The Duke
Helen Mirren and Jim Broadbent star in The Duke; Courtesy of Sony Pictures Classics


It’s a role uniquely suited to the talents of Broadbent, who, if there were a dictionary of film archetypes, would be the first name listed under Charming Senior British Man. With his impish smile, polished head, and soft jowls, Broadbent is as unassuming as Mr. Magoo. His portrayal smooths over the rough edges of a character (based on a real person) who probably caused more suffering than he healed. In real life, we’ve all known people like Kempton, who put quixotic campaigns ahead of friends and family; in The Duke, he’s a harmless troublemaker whose unwinnable campaigns are portrayed as an eccentric hobby.  Even when we learn that Kempton has recently done a stretch of prison time, leaving his wife in a vulnerable spot and setting a poor example for his law-breaking sons, we shrug off his behavior with a laugh and a smile. That’s the effect Broadbent has on the viewer, making The Duke a winning marriage between character, subject, and star.

Directed by the late Roger Michell (who died after post-production last year), much of The Duke is framed as a lark, sort of an Ocean’s Eleven for the elderly. The split-screen camera work and jaunty score reassure the viewer that nothing too serious is going on here. But when Kempton steals a Goya portrait from the National Gallery, with plans to hold it for ransom and use the government’s money to buy television licenses for the poor, he threatens to push his family too far. He involves his son (Fionn Whitehead) in the deceit, and when Dorothy discovers his subterfuge, she threatens to leave him for good. The Duke follows in a long tradition of heist films that makes thievery seem like a ripping good time, but Mirren provides a counterbalance. Forgiving but unbowed in her frustration with Kempton’s obsessions, she shows us the cracks in his facade he refuses to see. Without her, The Duke would be an uncomplicated celebration of a knotty figure, but her grounded performance keeps the film from tipping into sanctimony.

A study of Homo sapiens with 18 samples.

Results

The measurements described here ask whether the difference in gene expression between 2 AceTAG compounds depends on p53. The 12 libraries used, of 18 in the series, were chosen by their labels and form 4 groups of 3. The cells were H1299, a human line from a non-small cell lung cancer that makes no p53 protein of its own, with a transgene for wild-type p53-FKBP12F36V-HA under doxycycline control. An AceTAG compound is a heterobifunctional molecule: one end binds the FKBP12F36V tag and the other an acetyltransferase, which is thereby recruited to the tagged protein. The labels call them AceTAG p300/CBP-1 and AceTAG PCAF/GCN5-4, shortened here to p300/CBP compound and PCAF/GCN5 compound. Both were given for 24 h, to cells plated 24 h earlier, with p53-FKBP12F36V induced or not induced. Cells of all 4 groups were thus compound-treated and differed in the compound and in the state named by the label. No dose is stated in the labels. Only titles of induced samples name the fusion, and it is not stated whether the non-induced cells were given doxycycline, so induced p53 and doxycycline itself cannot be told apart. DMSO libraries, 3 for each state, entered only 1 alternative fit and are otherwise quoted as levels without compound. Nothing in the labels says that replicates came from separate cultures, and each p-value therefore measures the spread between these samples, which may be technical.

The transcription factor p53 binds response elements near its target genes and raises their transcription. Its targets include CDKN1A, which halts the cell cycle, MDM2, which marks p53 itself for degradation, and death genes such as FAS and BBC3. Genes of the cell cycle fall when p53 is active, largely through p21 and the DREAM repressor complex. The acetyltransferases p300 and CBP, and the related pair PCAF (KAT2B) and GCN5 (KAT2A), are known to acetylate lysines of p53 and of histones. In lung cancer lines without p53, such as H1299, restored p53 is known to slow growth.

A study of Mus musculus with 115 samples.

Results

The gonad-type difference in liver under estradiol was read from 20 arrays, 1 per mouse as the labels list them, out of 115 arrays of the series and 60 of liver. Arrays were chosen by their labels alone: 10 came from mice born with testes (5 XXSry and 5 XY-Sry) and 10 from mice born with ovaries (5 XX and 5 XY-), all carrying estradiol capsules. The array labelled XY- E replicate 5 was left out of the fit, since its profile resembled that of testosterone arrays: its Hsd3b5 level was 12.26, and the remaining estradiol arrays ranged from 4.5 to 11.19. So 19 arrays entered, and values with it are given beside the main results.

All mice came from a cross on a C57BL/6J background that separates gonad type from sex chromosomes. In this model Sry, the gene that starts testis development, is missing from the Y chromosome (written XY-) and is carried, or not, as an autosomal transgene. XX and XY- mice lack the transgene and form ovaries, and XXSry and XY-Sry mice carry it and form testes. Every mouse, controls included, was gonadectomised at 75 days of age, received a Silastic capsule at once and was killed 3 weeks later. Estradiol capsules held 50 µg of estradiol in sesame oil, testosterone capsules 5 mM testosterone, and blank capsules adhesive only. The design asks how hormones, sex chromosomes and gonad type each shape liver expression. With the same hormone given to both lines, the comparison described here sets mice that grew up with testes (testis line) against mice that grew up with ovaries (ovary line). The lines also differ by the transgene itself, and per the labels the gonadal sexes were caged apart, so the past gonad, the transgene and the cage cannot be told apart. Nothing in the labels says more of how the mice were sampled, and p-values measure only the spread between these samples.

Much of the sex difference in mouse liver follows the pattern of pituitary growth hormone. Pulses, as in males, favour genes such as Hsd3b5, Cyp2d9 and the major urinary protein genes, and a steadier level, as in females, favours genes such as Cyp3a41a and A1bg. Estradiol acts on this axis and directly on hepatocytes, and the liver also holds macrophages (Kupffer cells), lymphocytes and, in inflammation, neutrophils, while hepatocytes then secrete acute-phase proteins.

Just when we are tempted to discover a rooting interest against the benevolent thief, however, Kempton turns himself into the authorities. Even then, a tragic ending hardly seems possible, but instead of drawing out the tension, the screenplay by Richard Bean and Clive Coleman, tilts towards the philosophical. His trial begins with a debate on the definition of theft—a loaded subject in 1961 Europe, when the stolen object is state-owned, and the value is to be distributed to the poor—but it begins to soar when Kempton himself is put on the stand to pontificate about his views on life. His lawyer (Matthew Goode) figures that, with a signed confession in hand, his only chance of getting his client off is to let him talk and hope the jury is as charmed by him as the rest of us.

Charmed, we are. There aren’t too many heist movies that hinge on a character earnestly declaring, “You are me, and I am you” to a crowd of people, but The Duke is unafraid to be romantic. It’s a film about the things that matter in life—love, sharing, forgiveness—or used to matter, anyway, before we all got old and selfish, and forgot about human decency. It will put a smile on your face, and while its conclusion might feel simplistic, The Duke never promised to tell the truth. It’s got higher aspirations than that.

The Duke opens in theaters everywhere on April 29.